Palmer’s Picks: SRAM Guide RSC

Brakes that slow you down so well they'll make you faster

Photos by Anthony Smith

SRAM Guide 1
 

$200 Each | SRAM Guide RSC

You wouldn’t think that a brake, a part whose sole job is to slow you down, could actually help you ride faster. But that’s precisely what the new Guide brakes from SRAM do. The compact four piston caliper, borrowed from SRAM X0 Trail brakes, provides an incredible amount of total power. The real star of the show, however, is the new Guide lever. It does a brilliant job of modulating all that power. For all the nerdy tech talk though, check out my first impressions from the SRAM Trail House event last March where I talk about the mechanics of this amazing brake. To find out how they’ll make you faster, keep on reading.

The brand new lever is designed with ease of manufacturing and bleeding in mind to avoid problems of the past. A cam between the lever blade and master cylinder pushes  the pads with varying rates throughout the stoke, allowing greater pad clearance, while maximizing modulation. It's the best modulating brake we've found on the market today.
The brand new lever is designed with ease of manufacturing and bleeding in mind to avoid problems of the past. A cam between the lever blade and master cylinder pushes the pads with varying rates throughout the stoke, allowing greater pad clearance, while maximizing modulation. It’s the best modulating brake we’ve found on the market today.

My praise for the Guide brakes came with some serious hesitation. While Avid/SRAM has made some brilliant stoppers in the past, troubles with the Elixir platform had everyone running for the reliability of Shimano. Still, as I write this, there’s a little voice inside my head telling me to hold off. I don’t want you, dear reader, to drop half a grand on a set of brakes just to have them fail. But I’m as sure as I can be. I’ve kept my lips tight for nearly a year while testing multiple sets, waiting for production bikes to roll out with Guide brakes, getting feedback from other testers, and riding the snot out of the ones on my personal test steeds. I think the Elixir blunder motivated engineers at SRAM to make the best, most reliable brake they could. After nine months on at least 15 sets of Guide brakes, our staff hasn’t seen one single failure. We haven’t even needed to bleed one yet. I’d say they’ve done it–and then some. Pad retraction is phenomenal, with less brake rub than ever before. Plus, the new Centerline rotors run quieter, and seem to resist heat warping better than previous rotor designs. The RSC model allows for tool-free reach and pad contact adjustments, which allow picky hands to fine tune lever position and throw quickly and precisely.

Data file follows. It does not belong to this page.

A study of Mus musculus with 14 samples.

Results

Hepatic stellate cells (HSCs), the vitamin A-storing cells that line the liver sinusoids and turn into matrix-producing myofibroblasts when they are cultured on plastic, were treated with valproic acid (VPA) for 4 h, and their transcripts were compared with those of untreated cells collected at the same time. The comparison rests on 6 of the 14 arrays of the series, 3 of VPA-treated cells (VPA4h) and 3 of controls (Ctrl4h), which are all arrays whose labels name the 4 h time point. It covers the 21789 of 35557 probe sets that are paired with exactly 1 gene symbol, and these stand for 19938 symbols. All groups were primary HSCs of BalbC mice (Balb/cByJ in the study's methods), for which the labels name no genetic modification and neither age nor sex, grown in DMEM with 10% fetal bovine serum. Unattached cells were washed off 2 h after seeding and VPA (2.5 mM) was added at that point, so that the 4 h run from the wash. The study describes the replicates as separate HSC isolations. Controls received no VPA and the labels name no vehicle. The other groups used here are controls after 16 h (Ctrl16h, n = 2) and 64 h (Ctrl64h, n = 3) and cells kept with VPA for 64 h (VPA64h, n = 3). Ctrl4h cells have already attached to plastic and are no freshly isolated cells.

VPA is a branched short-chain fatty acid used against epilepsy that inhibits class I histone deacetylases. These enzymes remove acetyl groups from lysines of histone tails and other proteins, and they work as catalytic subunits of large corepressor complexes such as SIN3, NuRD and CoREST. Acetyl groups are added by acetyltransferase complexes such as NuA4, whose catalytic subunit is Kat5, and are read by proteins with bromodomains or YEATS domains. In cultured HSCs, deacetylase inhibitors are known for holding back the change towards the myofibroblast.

The four-piston caliper remains unchanged from the X0 Trail brake. When designing the new brakes, engineers finished the caliper long before perfecting the lever, so they decided to release it with the existing Elixir lever as the X0 Trail brake. It was actually always intended to be run with the lever it's mated to now. With plenty of time in the market, this caliper has definitely proven its reliability.
The four-piston caliper remains unchanged from the X0 Trail brake. When designing the new brakes, engineers finished the caliper long before perfecting the lever, so they decided to release it with the existing Elixir lever as the X0 Trail brake. It was actually always intended to be run with the lever it’s mated to now. With plenty of time in the market, this caliper has definitely proven its reliability.

I’m sick of keeping my mouth shut. The Guide RSC is the best brake I’ve ever ridden. Period. When a set of brakes makes you a faster rider, that’s a pair you want to hang on to. They noticeably increase traction by delivering crazy power with a gentle touch, allowing you to brake later into corners without skidding the tire. Have you ever tried that thing where you nose manual through a switchback? I’ve been practicing ever since I first saw the legendary Nicolas Vouilloz perfect the move over a decade ago. I’ll never be able to do it like Nico, but the power and modulation of these brakes has me closer to nailing it every time. When a set of brakes gives you back so much traction that you consider digging out that pair of Hutchinson Python semi-slicks out from 2001, that’s a pair you want to hang on to.

‘Nuff said. For all the techy bits, check out this post: First Impressions: SRAM Guide Brake

 

The new Centerline rotors have been running smoothly, quietly, and warp-free. No complaints here. They're available in all the common sizes from 140 to 200, plus, a new-ish 170-millimeter diameter. I've been running 170 rear, 180 front, but I'm guessing the weight difference is minimal. Rotors are always sold separately. Expect to spend $100 on a pair.
The new Centerline rotors have been running smoothly, quietly, and warp-free. No complaints here. They’re available in all the common sizes from 140 to 200, plus, a new-ish 170-millimeter diameter. I’ve been running 170 rear, 180 front, but I’m guessing the weight difference is minimal. Rotors are always sold separately. Expect to spend $100 on a pair.